This has been a rough year for biotech investors. The market cap-weighted iShares Nasdaq Biotechnology ETF (NASDAQ:IBB) is down about 23% year to date, and some companies have been hit even harder. Shares of bluebird bio (NASDAQ:BLUE), Celldex Therapeutics, Inc. (NASDAQ:CLDX), and Ionis Pharmaceuticals, Inc. (NASDAQ:IONS) have lost about 36%, 72%, and 64%, respectively, year to date.
Investors who have been holding on throughout the turmoil might not appreciate the plunges, but they've created opportunities to pick up shares of these promising companies at a steep discount. Let's look closer at why these skydivers are bargains at recent prices.
1. bluebird bio: A shot at the big time
While most therapies require lifelong treatment, Bluebird is on the cusp of providing a cure for a small set of patients with a big problem. Childhood cerebral adrenoleukodystrophy (CCALD) is deadly inherited disorder caused by a faulty gene that affects roughly 40 boys born in the U.S. each year.
A stem-cell transplant from a donor with a functional copy of the gene is a potential cure, but it's also frequently fatal because of graft-vs.-host disease. Bluebird's solution is to avoid graft-vs.-host complications by harvesting these patients' own cells, and using its lentiviral vector-based candidate, Lenti-D, to "infect" the cells with a functional copy of the faulty gene. Instead of receiving donor cells, patients receive their own, and the results so far are terrific. Lenti-D patients are performing on par with donor cell-receiving patients, but without any deadly side effects.
With such a small population of CCALD patients, an approval in this indication won't make Bluebird profitable. It would, however, provide regulators plenty of real-world safety data with its lentiviral-based cell therapies, which could help its Lentiglobin candidate earn approval for two much larger indications.
Hemoglobin gene disorders beta-thalassemia and sickle-cell disease affect about 288,000 and 25 million patients worldwide, respectively. They are somewhat treatable by means safer than donor stem-cell transplants, but the outcomes are generally poor. With potential safety data from Lenti-D, Lentiglobin has a chance of earning approval to cure enough patients to send Bluebird's bottom line soaring.
With the company's shot at the big time, its current enterprise value (a theoretical purchase price that considers a company's debt and cash) of just $916 million is a bargain.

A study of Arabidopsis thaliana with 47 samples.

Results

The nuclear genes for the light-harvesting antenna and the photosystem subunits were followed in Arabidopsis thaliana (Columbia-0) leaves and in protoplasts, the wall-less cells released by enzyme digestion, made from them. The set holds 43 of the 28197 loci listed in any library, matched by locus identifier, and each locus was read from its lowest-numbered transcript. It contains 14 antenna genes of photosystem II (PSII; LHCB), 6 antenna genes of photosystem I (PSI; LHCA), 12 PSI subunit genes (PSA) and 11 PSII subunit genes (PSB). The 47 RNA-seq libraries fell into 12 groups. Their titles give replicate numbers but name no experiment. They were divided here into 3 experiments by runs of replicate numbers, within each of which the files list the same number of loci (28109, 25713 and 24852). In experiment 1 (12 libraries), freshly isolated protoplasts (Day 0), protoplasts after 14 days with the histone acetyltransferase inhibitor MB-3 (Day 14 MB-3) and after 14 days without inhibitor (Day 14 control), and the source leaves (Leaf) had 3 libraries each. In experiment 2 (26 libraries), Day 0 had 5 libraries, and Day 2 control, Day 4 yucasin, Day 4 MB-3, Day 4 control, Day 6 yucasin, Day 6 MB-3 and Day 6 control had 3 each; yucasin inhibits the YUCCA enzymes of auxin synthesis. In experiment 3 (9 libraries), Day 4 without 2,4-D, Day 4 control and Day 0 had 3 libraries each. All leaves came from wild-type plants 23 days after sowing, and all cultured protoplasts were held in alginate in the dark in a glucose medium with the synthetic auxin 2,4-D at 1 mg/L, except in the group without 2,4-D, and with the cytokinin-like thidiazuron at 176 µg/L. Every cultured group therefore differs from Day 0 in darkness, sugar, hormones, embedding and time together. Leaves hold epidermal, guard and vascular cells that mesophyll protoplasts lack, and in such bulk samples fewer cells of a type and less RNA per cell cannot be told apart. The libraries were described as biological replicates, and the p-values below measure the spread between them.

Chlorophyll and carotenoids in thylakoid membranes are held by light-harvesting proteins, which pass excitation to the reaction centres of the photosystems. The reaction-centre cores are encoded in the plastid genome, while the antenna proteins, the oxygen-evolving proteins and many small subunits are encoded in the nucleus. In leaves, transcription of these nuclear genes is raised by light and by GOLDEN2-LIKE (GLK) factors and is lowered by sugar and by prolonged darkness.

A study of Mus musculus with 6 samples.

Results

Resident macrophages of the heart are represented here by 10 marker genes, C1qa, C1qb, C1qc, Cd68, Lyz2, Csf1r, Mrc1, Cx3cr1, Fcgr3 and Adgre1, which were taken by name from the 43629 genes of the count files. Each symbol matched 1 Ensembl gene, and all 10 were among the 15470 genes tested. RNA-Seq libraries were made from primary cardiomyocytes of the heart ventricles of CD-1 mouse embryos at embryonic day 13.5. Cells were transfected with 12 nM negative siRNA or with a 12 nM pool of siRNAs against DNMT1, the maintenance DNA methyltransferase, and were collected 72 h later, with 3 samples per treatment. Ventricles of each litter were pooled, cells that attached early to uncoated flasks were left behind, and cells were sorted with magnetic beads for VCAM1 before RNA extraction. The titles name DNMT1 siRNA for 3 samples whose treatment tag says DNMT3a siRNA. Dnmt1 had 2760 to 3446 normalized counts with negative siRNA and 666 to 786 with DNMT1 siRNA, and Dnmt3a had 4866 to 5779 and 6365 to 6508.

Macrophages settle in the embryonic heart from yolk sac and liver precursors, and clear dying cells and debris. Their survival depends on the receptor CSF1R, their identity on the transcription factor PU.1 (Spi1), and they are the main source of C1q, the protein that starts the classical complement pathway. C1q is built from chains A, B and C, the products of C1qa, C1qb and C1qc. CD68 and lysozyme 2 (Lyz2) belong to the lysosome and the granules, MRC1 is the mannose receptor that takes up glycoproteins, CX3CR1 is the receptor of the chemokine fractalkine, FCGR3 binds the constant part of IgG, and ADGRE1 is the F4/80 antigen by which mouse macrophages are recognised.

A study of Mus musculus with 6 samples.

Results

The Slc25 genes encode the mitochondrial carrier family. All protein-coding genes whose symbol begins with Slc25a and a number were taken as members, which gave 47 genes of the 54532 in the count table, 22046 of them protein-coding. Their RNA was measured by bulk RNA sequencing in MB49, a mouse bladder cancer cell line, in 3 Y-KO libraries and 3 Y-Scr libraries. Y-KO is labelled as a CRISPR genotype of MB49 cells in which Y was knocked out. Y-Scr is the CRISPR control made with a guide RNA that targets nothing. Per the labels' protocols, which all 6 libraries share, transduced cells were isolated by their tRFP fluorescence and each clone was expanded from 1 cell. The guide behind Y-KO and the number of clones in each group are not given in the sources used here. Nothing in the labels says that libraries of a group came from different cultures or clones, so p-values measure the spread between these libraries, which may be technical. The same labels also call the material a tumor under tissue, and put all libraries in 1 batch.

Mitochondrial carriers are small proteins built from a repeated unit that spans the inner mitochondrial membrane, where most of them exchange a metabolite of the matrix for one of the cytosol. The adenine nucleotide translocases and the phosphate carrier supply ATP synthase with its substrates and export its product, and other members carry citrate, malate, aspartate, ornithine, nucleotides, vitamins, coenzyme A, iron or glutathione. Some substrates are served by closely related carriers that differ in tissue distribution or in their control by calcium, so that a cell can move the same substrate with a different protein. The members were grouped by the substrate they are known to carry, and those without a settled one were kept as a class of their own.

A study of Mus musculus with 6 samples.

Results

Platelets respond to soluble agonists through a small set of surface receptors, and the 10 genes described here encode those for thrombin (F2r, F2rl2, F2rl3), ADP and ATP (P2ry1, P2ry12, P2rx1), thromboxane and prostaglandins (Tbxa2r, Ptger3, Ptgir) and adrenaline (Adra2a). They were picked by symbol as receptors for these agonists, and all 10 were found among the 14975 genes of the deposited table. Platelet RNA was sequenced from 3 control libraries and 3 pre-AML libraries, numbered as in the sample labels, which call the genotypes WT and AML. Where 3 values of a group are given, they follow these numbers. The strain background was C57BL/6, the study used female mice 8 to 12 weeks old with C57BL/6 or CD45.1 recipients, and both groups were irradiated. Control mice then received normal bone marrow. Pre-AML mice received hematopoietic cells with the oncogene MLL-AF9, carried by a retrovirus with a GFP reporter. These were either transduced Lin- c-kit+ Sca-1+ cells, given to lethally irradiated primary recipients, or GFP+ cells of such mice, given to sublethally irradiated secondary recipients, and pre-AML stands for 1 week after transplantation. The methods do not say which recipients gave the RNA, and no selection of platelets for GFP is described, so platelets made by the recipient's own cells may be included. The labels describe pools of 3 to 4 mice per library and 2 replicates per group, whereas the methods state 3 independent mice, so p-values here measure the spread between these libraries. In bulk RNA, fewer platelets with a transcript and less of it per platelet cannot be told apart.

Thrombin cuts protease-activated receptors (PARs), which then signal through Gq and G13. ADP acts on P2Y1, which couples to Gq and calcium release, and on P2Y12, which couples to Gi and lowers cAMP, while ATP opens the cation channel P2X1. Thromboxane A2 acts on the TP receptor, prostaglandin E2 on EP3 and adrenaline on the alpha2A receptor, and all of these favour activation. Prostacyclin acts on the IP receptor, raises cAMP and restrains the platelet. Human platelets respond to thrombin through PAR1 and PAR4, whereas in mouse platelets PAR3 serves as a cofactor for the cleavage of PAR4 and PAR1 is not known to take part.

Celldex: not a one-trick pony
Wall Street hammered Celldex stock in March after its first phase 3 candidate, Rintega, for treatment of brain cancer, failed to outperform a group receiving the standard of care. The good news is, Celldex has more clinical-stage candidates that look very promising.
In the lead is glembatumumab vedotin, or glemba. This is a double-sided drug with a protein on one side, and an extremely powerful dose of chemotherapy on the other. The protein side seeks out gpNMB, found on the surface of a variety of cancer cells. Once it binds to gpNMB, it's carried inside, and like a Trojan horse, it releases its chemo bomb.
Glemba is in a trial that could support an application to treat the large but underserved triple-negative breast-cancer population (about 170,000 patients worldwide) with tumors that over-express gpNMB. In a previous, smaller trial, it beat the pants off investigators' choice of existing therapies in this group, with a 130% improvement in progression-free survival and a 82% improvement in overall survival.
Celldex is also light on debt and heavy on cash, with an enterprise value of about $186 million. If glemba even comes close to repeating its previous success in the ongoing pivotal trial, which will probably have results next year, it could send this stock through the roof.
Ionis Pharmaceuticals: candidates galore
Ionis is another biotech recently beaten up for bad news concerning just one clinical-stage program, despite plenty of other opportunities. In April, the the FDA put one of its GlaxoSmithKline-partnered trials on hold because of a relatively minor issue with IONIS-TTRRx that emerged during a nerve-damage trial. It became a major issue for Ionis' stock when Glaxo announced it wasn't going to begin a planned phase 3 trial with the same drug in patients suffering heart damage.
I think Wall Street is missing the bigger picture here:
The drug in question is one of the company's older, more advanced clinical-stage candidates, but Ionis has a very deep bench. For example, Nusinersin, in partnership with with Biogen, is in phase 3 for treatment of spinal muscular atrophy, the leading genetic cause of infant mortality. If successful, Ionis could receive up to $346 million from the bigger biotech, and tiered royalties in the mid-teens on any sales of this drug.
Another phase 3 hopeful, volanesorsen, for treatment of patients with high triglyceride levels, is partnered with Akcea, a wholly owned subsidiary of Ionis. The company is taking on more risk, but it's entitled to all potential sales. The ongoing phase 3 studies could support applications for treatment of extremely rare inherited diseases. If it's successful, more general use among 20,000 or more U.S. patients without a genetic cause for extremely high triglyceride levels could help drive growth in the years ahead.
Behind its enormous clinical program is a drug-discovery machine that churns out potential clinical candidates faster than any biotech I can think of. With a recent market cap of about $2.7 billion, this stock is a real bargain.